Trichophyton rubrum downy strain
On Sabouraud's dextrose agar, colonies are flat to slightly raised, white to cream, suede-like to downy, with a yellow-brown to wine-red reverse. Most cultures show scanty to moderate numbers of slender clavate to pyriform microconidia. Macroconidia are usually absent, however closterospore-like projections may be present in some mounts. Note: on primary isolation some cultures may lack reverse pigmentation and fail to produce microconidia. These will need to be subcultured onto media like Lactritmel agar or potato dextrose agar which stimulate pigmentation and sporulation. If sporulation still fails subculture the fungus onto Difco Trichophyton Agar No.1. RG-2 organism.
Culture of Trichophtyon rubrum showing wine-red reverse pigment.
Typical slender clavate microconidia of T. rubrum downy type
Kaminski's Dermatophyte Identification Scheme:
Littman Oxgall Agar (Difco): Raised, greyish-white, suede-like to downy colony with no reverse pigment. Some cultures may have showed a faint greenish-yellow diffusible pigment.
Lactritmel Agar (Mycopathologia 91:57-59, 1985): Flat, white, downy colonies with a deep wine-red reverse pigment. Microscopically, cultures show the typical downy type morphology of pyriform to slender clavate microconidia described above.
Sabouraud's Dextrose Agar with 5% NaCl: Very stunted, white downy colony with a pale yellow-brown reverse pigment.
1% Peptone Agar: Flat, white to cream, downy colony often with a raised centre. No reverse pigment produced.
Hydrolysis of Urea: Negative at 7 days.
Vitamin Free Agar (Difco Trichophyton Agar No.1): Good growth indicating no special vitamin requirements. Cultures are flat, white to cream, suede-like to downy with a deep wine-red reverse pigment.
Hair Perforation Test ("in vitro"): Negative at 28 days.
The above morphological and cultural characteristics are typical of Trichophyton rubrum downy type. Seven other strains or varieties of the T. rubrum downy type have been recognized and are listed below.
1. T. rubrum "Y" variant
Microscopically similar to downy type. Yellow reverse pigment produced on 1% peptone agar, however characteristic red reverse pigment is produced on Sabouraud's dextrose agar and on pigment stimulating media like Lactritmel and Trichophyton No.1 agars. May or may not show pigmentation on primary isolation media. Basically, these strains produce both yellow and red pigments.
2. T. rubrum var. flava
Microscopically similar to downy type. Yellow reverse pigment is produced on 1% peptone agar and on Sabouraud's dextrose agar. Some red reverse pigment may be produced on pigment enhancing media like Lactritmel agar, but never on Sabouraud's dextrose agar. These strains normally produce only yellow pigment.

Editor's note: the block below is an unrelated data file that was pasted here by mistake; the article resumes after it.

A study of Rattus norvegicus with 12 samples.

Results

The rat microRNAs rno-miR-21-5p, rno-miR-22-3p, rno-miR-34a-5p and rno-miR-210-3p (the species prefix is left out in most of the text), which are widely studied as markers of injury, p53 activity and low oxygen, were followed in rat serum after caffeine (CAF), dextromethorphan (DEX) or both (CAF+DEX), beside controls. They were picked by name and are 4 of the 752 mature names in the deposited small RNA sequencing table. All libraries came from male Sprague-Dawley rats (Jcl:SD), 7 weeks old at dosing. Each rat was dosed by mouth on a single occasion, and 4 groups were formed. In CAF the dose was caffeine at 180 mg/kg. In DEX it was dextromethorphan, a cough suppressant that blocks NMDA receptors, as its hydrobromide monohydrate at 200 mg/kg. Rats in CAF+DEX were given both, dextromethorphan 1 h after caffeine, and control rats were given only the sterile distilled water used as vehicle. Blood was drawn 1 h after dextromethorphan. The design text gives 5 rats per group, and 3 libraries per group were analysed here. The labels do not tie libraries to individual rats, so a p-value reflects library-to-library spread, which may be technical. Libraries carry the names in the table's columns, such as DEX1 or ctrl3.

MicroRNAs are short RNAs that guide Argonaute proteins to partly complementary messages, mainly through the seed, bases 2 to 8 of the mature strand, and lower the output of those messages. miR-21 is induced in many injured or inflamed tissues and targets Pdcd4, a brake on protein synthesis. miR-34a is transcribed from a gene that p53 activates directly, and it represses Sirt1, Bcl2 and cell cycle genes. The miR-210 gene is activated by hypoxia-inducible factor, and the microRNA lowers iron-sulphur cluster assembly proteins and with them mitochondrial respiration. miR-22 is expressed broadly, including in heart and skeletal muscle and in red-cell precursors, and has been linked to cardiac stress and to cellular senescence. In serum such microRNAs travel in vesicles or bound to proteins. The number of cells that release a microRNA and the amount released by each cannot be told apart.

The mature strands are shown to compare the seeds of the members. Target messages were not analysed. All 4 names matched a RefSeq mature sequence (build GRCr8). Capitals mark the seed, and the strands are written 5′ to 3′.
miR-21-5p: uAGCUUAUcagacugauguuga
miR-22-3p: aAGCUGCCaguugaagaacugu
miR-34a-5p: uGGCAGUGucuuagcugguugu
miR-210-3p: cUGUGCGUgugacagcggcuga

3. T. rubrum "P" variant
Microscopically similar to downy type. Purple reverse pigment produced on 1% Peptone agar, however characteristic red reverse pigment is also produced on Lactritmel agar and on other pigment stimulating.
4. T. rubrum melanoid type
Microscopically similar to downy type. A diffusible brown, melanoid pigment is present on all media, especially 1% peptone agar. Characteristic red reverse pigment, although often discoloured by the presence of the diffusable melanoid pigment is also produced on Lactritmel agar and other pigment stimulating media.
* Note 1% peptone agar is the key medium for distinguishing the above types of T. rubrum.
5. T. rubrum hyperpigmented type
Microscopically similar to downy type. All cultures show a violet to red-violet glabrous surface with radial furrows and a deep violet to red-violet reverse.
6. T. rubrum colourless variant
Microscopically similar to downy type. No reverse pigment is produced on any media.
7. T. rubrum dysgonic type
Microscopically restricted to distorted hyphae. All media show tiny slow growing colonies which are usually hyperpigmented. Primary isolates of this type are often confused with Trichophyton violaceum. These strains usually revert to the typical downy type following several sub-cultures.
Trichophyton rubrum is an anthropophilic fungus which has become the most widely distributed dermatophyte of man. It frequently causes chronic infections of skin, nails and rarely scalp. Granulomatous lesions may sometimes occur. Infected hairs do not fluoresce under Wood's ultraviolet light, and microscopically may show endothrix or ectothrix type of invasion. Key features include culture characteristics, microscopic morphology and failure to perforate hair "in vitro".
Rebell, G., and D. Taplin. 1970. The Dermatophytes. 2nd. revised edition. University of Miami Press, Coral Gables, Florida. USA.
Rippon, J.W. 1988. Medical Mycology. 3rd Edition. W.B. Saunders Co., Philadelphia, USA.